It's no secret Motorola has left a bad taste in customers' mouths over the last couple of years. Cancelled OS updates and broken promises have understandably left many owners vowing never to buy a Moto product again. Who can blame them, really – when purchasing a device, it's not unreasonable to expect good support moving forward. Unfortunately, that's just not something Motorola has been able to deliver on in the past.
Of course, when Google officially acquired Motorola Mobility back in May of 2012, we all hoped that would turn the tables for ol' Moto. Naturally, speculation ran wild – rumors of Motorola Nexuses and pure, stock Android devices were all over the Android community. But, given its position, Google knew that it couldn't show favoritism to Motorola, lest it would destroy relationships with other Android partners, like LG, HTC, and Samsung. Needless to say, the company has done an excellent job of distancing itself from Motorola, while still making the necessary changes internally to ensure a prosperous future.
One such move was naming Punit Soni as Motorola's VP of Product shortly after taking over the company. Essentially, this put him in charge of the entire product development process, from "building teams [to] executing to go to market." As one would expect, that hasn't been an easy road for Soni to travel. In a recent statement on his Google+ page, he claimed that "In the 5 months [...], [he] doesn't go through one day when [he] doesn't feel the impact of past promises that were made and couldn't be met." Not to worry, though – he's going to make it right.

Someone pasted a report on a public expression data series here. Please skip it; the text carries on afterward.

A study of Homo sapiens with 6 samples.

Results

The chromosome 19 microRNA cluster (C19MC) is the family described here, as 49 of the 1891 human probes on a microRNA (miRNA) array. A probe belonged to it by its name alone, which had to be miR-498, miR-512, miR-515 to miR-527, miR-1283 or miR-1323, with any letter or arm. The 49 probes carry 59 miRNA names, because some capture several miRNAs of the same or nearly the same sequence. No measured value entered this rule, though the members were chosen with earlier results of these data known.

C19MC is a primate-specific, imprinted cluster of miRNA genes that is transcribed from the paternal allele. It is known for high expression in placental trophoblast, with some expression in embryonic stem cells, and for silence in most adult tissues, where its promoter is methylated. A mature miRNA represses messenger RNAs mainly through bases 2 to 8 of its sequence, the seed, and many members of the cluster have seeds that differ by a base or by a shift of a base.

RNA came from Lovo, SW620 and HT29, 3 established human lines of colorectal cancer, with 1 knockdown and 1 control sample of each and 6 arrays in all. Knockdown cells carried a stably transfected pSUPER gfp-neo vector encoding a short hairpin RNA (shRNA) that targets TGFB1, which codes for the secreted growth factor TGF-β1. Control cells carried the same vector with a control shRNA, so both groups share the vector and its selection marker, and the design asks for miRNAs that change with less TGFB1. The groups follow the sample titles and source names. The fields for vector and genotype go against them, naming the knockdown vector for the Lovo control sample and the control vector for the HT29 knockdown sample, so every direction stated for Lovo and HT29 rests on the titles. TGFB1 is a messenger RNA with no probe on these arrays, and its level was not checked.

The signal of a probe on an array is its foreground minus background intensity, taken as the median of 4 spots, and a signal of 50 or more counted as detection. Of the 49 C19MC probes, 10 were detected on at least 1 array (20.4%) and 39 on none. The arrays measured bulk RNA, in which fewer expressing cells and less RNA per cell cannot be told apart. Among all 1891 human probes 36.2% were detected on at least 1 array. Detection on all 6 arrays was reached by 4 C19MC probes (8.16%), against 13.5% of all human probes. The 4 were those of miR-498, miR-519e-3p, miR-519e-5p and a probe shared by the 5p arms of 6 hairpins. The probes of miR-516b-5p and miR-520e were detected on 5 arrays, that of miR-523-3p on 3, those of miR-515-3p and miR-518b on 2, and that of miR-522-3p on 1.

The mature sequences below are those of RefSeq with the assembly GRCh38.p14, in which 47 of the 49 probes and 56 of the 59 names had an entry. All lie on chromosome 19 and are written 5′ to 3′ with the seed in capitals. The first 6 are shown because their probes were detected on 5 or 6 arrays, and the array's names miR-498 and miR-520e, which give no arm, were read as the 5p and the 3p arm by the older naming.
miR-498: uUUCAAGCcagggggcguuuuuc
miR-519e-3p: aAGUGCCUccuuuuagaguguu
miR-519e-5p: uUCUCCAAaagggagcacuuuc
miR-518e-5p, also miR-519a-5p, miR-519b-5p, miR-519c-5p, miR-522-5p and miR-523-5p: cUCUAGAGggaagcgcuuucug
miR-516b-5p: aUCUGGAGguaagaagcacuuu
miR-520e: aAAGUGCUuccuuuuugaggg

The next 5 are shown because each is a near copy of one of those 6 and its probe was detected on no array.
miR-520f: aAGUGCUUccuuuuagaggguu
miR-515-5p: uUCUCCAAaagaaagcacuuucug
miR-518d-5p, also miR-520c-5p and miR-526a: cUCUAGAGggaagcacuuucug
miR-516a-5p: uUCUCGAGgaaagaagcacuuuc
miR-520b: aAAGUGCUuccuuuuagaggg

In the 5 months I have been on this, I don't go through one day when I don't feel the impact of past promises that were made and couldn't be met. I have said this before: I cannot fix the past. However, going forward, anything we launch, we will support. Any commitment we make, we will follow up.
That's Soni's full statement: a vow to once again make Motorola a respected company in this industry. A promise that, when the company says they're going to do something, it will get done. A commitment to support future devices and give customers what they deserve, what they paid for.
Of course, given the hole that Google is having to dig Motorola out of, it's going to take time. Customers are going to need to be convinced – it's hard for anyone to just forgive and forget, especially when they feel so wronged in the first place. It's definitely a situation to keep an eye on moving forward; it will be interesting to see customer reactions to the "new" Motorola Mobility once new devices start hitting the scene.
One thing's for sure, though – Punit, we're going to hold you to those promises.